Physiotherapy—a.k.a. physical therapy (the two terms are used interchangeably, depending on where you live)—is a science-based healthcare profession that helps patients of all ages increase their quality of life. Physiotherapy promotes optimal mobility; prevents disease, injury, and disability; improves function; and helps patients manage pain through active rehabilitation and patient education.

Trained in anatomy and physiology, physiotherapists are experts in the human body and are able to diagnose and treat patients with a wide variety of ailments, though they generally specialize in a specific area—like geriatric physiotherapy or women’s health. Physiotherapists can treat patients suffering from musculoskeletal, neurological, cardiovascular, and respiratory conditions—such as back pain, sports injuries, stroke, heart disease, and asthma.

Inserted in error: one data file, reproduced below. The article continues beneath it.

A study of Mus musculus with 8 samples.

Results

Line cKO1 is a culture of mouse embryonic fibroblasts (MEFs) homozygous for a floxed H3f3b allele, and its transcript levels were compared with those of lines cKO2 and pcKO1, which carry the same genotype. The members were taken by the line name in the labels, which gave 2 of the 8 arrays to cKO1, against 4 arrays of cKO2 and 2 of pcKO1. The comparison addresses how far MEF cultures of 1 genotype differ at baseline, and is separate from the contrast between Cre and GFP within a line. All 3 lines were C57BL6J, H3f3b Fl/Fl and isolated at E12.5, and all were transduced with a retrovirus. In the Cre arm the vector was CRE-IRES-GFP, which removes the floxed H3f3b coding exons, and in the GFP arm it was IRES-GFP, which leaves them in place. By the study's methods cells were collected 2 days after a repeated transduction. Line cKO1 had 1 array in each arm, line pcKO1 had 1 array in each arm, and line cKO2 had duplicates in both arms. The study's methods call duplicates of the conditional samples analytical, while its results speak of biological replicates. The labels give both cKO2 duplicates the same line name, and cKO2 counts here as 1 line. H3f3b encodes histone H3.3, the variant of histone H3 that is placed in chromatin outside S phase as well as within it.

Before beginning treatment, a physiotherapist first completes a physical examination and conducts an interview to determine the cause and severity of the patient’s particular issue, as well as the patient’s general health and well-being, daily activity, and therapy goals.

To help patients achieve their personal therapy goals, physiotherapists develop patient-specific treatment plans that focus on the body as a whole, not simply the pain or impairment. Treatments typically include exercise, but can also include the use of a variety of other modalities, such as joint manipulation, soft tissue massage, electrotherapy, or heat and cold therapy.